Despite an unfortunate shoulder injury that limited his playing career, Riley Hillis spent an unforgettable two seasons with the Tri-City Americans.

Skating in the Western Hockey League from 2013-16, the Arvada, Colo., native has fond memories of his days in the junior hockey ranks, from spending time with teammates who he still keeps tab on today to the many life lessons he learned along the way.

“The things that stand out most are the experiences I had with my teammates, the bus rides, the grueling workouts, and then the time away from the rink hanging out at billet family houses,” Hillis told Junior Hockey Magazine as part of its CHL Leaders segment. “Some of the bigger highlights for me were also just watching some of the teammates I had who are now incredible NHL players.

“Brandon Carlo, one of my good buddies, just some of the plays he’d make back in the day and watching him grow … We started to play together at 11 years old as Colorado Thunderbirds to now watching the plays he makes day in and day out (with the Boston Bruins).”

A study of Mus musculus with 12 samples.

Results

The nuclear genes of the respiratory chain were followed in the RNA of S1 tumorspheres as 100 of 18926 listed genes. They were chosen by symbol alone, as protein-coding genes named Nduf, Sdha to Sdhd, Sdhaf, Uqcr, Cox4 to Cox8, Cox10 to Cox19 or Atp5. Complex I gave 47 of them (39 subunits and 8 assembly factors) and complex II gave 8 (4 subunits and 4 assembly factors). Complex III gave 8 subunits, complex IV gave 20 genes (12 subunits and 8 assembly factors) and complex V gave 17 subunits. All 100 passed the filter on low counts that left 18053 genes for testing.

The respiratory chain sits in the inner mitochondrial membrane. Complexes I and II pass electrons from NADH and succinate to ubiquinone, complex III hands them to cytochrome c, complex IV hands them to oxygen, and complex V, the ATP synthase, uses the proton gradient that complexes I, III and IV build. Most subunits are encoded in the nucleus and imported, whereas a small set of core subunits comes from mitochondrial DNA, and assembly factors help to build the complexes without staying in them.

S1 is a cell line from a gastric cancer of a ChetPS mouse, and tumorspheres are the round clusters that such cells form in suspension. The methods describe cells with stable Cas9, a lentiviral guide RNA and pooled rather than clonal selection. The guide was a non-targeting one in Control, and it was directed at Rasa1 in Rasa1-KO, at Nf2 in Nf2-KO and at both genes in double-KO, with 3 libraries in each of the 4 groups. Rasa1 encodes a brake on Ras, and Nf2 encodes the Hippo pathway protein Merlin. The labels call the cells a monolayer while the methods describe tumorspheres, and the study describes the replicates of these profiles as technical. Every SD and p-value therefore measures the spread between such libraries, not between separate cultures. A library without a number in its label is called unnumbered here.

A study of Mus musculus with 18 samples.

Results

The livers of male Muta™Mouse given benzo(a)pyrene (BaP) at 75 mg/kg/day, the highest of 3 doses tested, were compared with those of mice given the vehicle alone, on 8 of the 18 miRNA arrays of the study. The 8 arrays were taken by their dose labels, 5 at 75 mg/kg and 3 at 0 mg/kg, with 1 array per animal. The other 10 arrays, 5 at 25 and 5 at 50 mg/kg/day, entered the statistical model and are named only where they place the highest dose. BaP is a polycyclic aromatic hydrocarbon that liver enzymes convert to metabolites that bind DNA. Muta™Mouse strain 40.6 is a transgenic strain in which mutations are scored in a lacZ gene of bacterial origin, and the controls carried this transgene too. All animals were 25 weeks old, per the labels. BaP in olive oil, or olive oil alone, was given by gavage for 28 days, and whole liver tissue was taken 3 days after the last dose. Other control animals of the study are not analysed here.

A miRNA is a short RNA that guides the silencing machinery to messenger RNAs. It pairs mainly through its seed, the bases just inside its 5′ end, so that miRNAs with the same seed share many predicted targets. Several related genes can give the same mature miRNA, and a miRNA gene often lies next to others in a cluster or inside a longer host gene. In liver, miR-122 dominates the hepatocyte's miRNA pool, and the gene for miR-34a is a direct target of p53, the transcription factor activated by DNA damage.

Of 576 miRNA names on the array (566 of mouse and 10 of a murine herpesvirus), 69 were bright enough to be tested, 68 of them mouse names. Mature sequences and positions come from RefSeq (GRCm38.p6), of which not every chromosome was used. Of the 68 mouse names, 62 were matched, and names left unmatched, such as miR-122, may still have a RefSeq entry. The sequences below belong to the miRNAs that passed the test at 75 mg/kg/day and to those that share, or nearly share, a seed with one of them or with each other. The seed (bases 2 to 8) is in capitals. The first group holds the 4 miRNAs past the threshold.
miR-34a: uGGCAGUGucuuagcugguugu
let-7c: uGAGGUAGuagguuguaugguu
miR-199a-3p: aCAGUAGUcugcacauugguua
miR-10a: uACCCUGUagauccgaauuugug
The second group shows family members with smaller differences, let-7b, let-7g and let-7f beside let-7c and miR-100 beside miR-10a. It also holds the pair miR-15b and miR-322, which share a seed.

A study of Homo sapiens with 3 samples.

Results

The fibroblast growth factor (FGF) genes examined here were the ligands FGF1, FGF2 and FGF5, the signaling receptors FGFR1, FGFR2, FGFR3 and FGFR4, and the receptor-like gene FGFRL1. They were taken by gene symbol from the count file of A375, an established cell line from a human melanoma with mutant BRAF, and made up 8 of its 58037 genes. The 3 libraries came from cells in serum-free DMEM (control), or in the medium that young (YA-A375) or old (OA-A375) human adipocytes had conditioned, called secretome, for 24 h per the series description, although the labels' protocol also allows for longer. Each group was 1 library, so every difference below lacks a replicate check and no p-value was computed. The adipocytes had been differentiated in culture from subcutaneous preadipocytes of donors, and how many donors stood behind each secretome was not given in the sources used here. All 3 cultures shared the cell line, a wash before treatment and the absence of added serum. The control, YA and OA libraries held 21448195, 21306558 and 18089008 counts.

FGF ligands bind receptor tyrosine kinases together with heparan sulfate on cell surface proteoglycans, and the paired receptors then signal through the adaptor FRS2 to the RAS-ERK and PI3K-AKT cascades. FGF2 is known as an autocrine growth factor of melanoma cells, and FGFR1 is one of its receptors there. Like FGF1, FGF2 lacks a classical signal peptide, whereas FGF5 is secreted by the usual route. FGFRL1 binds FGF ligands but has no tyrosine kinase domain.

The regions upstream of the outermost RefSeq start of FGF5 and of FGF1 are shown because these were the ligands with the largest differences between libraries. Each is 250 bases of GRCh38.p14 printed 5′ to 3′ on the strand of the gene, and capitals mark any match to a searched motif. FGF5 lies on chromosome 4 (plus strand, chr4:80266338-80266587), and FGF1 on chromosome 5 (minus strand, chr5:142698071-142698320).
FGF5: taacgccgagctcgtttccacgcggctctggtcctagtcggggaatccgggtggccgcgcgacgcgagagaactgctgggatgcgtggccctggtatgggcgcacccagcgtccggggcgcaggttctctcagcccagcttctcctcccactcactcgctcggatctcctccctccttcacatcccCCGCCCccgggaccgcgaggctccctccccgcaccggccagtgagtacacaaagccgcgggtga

Taking the positives from spending time on the sidelines, Hillis used the opportunity to gain an education, returning to his home state and the University of Colorado Boulder where he earned a bachelor of science degree in operations management that today provides the foundation for his role as a corporate real estate advisor with Seattle-based Hughes Marino.

“It’s awesome. It’s competitive and I find a lot of similarities between the real world and hockey and the competitive aspects to it,” Hillis said of his current position. “I am really enjoying it here and really enjoying being back in Washington and looking forward to getting to some WHL games with the Thunderbirds and Americans.”

In all, it’s an opportunity that became possible thanks to Hillis’ ability to access the invaluable CHL scholarship program.

“Being from Colorado, I had always wanted to attend the University of Colorado Boulder and I got that opportunity through the scholarship fund which was amazing,” Hillis concluded. “They really took care of me and paid for all my schooling. I couldn’t be more grateful for it. You wouldn’t find a bigger fan of it.”